Beer was purchased at a Total Wine store and one of the clerks , in passing, said you could "age" it......my, albeit limited, understanding is that the point of this ale is to drink it now to have the freshest hop experience.
I rather enjoy the notion/premise of traveling to the other side of the globe to obtain the hops,but
does anyone feel this Harvest Ale in particular is a little gimmicky? What about the price point... keeping in mind the logistics of air freighting the hops ASAP to Chico......is it high?
What are your thoughts on the quality/taste......
Thanks


    Generally, harvest ales are available after the fall harvest, so the idea of producing a harvest ale using the reverse seasons in the southern hemisphere is not a gimmick, but an opportunity to produce a harvest style ale in a different season.

    It's a great beer and I thought that it had an unusual character that I had not previously encountered so I was pleased that Sierra Nevada decided to run with this concept.

    2 Replies
    1. re: brentk

      what about J.W.Lees Harvest ale? Being a vintage ale, it actually seems to improve with age (up to a point). Or would that be considered in a different category?

      1. re: barleywino

        J.W. Lees is a totally different thing. You are not drinking those beers for the fresh hop flavors.

    2. Note that the New Zealand version is called "Fresh Hop Ale"
      http://www.sierranevada.com/beers/har...
      unlike the other two which are labeled "Wet Hop Ale" (which, up til now, was what a "harvest" hop ale was, wasn't it?).

      The NZ hops *are* dried before shipping for safety reasons (IIRC)- the very real possibility of spontaneous combustion. "...the fresh hops in this beer are dried right after being picked then shipped immediately to Chico for brewing..."
      http://www.sierranevada.com/about/new...

      Don't know if that counts as a "gimmick" (cold cans turning blue, etc) but it does somewhat redefine what a "hop harvest ale" is.

      2 Replies
      1. re: JessKidden

        >The NZ hops *are* dried before shipping for safety reasons (IIRC)- the very real possibility of spontaneous combustion.

        I heard someone say that was the reason why as well, but not sure if I completely buy that reason or if that is the whole story since dried hops can spontaneously combust as well and wet hops definitely have a much higher water content than dried. I can see them wanting to dry these since wet hops need to be used within 24 hours of being picked before the quality starts to degrade. If they got held up in customs for even a day or two, they would most likely not be in good enough shape to brew with. This all conjecture on my part though.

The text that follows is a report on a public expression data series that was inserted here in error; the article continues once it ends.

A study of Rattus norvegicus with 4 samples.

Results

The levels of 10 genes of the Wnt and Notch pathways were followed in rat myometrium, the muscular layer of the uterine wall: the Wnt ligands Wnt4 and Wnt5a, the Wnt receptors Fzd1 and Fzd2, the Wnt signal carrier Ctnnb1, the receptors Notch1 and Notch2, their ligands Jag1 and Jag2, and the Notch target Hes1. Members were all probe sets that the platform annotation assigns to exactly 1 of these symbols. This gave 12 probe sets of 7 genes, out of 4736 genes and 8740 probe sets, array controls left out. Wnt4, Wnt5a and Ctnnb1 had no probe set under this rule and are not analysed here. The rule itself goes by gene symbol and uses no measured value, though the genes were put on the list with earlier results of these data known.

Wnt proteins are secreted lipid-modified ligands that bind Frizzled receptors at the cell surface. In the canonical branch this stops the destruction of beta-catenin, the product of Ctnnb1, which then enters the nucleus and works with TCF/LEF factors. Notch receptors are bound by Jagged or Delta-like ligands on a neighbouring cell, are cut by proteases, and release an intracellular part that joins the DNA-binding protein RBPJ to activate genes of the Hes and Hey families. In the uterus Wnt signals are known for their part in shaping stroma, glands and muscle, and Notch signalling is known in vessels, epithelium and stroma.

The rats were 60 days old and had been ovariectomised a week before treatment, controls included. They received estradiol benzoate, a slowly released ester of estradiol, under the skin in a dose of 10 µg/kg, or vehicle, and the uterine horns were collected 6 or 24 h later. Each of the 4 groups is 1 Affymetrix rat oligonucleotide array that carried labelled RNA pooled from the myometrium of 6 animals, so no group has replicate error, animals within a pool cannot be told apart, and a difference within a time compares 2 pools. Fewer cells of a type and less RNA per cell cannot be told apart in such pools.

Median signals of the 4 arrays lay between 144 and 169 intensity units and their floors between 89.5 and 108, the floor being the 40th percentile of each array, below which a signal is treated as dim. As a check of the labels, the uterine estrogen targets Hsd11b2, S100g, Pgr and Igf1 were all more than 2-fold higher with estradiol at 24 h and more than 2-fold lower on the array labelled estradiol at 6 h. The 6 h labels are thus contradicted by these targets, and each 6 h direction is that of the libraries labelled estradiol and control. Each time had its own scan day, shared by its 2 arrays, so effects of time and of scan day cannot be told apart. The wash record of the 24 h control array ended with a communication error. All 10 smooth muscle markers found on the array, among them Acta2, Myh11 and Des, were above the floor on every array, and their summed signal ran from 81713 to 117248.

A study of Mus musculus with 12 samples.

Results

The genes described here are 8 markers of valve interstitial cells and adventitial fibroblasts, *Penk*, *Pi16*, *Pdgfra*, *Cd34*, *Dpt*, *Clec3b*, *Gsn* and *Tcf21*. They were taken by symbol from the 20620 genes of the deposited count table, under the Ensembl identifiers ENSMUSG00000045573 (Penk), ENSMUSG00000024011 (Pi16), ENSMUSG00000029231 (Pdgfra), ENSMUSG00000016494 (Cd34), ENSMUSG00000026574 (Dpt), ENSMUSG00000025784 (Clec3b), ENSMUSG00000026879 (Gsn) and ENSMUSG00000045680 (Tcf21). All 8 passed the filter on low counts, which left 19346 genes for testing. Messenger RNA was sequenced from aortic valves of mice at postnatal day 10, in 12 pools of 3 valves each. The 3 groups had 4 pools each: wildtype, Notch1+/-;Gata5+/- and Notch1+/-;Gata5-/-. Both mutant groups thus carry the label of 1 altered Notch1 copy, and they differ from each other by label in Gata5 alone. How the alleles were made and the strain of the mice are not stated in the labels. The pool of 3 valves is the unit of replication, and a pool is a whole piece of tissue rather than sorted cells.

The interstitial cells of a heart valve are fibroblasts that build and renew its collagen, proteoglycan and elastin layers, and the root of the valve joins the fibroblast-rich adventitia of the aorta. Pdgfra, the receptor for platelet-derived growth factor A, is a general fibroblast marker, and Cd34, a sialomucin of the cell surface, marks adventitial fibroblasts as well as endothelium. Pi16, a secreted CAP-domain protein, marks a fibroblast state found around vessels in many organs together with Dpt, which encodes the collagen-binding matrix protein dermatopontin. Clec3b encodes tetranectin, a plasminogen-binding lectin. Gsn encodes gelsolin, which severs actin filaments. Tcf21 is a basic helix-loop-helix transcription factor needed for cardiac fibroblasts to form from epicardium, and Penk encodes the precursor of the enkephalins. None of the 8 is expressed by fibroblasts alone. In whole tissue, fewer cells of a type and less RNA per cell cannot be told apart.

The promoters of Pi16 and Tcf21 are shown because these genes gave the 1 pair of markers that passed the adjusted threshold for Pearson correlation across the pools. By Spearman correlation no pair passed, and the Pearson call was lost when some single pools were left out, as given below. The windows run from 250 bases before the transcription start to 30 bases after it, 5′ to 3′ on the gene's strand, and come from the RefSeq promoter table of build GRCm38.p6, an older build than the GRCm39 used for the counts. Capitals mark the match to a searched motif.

1. re: LStaff

          Yeah, I should have double checked the "spontaneous combustion" remark- I *thought* it was mentioned in the PR pieces from S-N. Certainly, the "freshness" factor is even more important. Non-dried hops would "go bad" pretty quick in quantity.

          (re: wet hops- OTOH, as a composter, I can tell you that fresh, wet grass clipping on a warm day will decompose so quickly in a coupla hours that [if one doesn't "turn" them into the pile first] the compost pile will literally be smoking and will be too hot to touch without gloves.

          Pretty sure that wet hay is known to spontaneous combust much quickly that dry hay, as well- as a Google search for "wet hay" will no doubt show.)

      2. I enjoyed it. More so than the fall release wet hop Harvest Ale.

        $3.79-$4.19 here in central Caliornia.

        1. The only gimmick about this beer is that they decided to market it as a "fresh hop" beer - a term (up until now) has been reserved for beers made with fresh wet hops before they are dried. They use freshly dried hops in their Celebration beer each year, and never market that one as a "fresh hop" beer. That being said, I prefer the Southern Hemisphere version more than their fall Harvest that uses wet hops. Wet hopped beers are just a novelty in my book - interesting to see how wet hops give a different character (mostly grassy bitterness and low hop aroma imo) than dried hops, but the SH version seems to have more hop flavor that isn't one dimensionally grassy. Draft of the SH seemed a bit boozy to me, while the bottled version seemed to have more hop flavor and aroma than the draft.

          I wouldn't age it at all, drink while fresh and before the hop flavor/aroma starts to oxidize.

          The price you paid seems to be a bit high. I believe I saw it at my retailer yesterday for $3.99 (maybe $4.99) - and this isn't the cheapest place in town if you know what I mean since a six pack of Victory Prima Pils and a six pack of Smuttynose IPA (a local to me) cost me $19.

          1 Reply
          1. re: LStaff

            Not a big fan of SN but after enjoying the Southern Hemisphere Ale last year bought the 2009 (2nd release) today at my local and paid $3.99... not too shabby. Very good and fresh, not too hoppy, but still recognizable as a SN brew. Well done.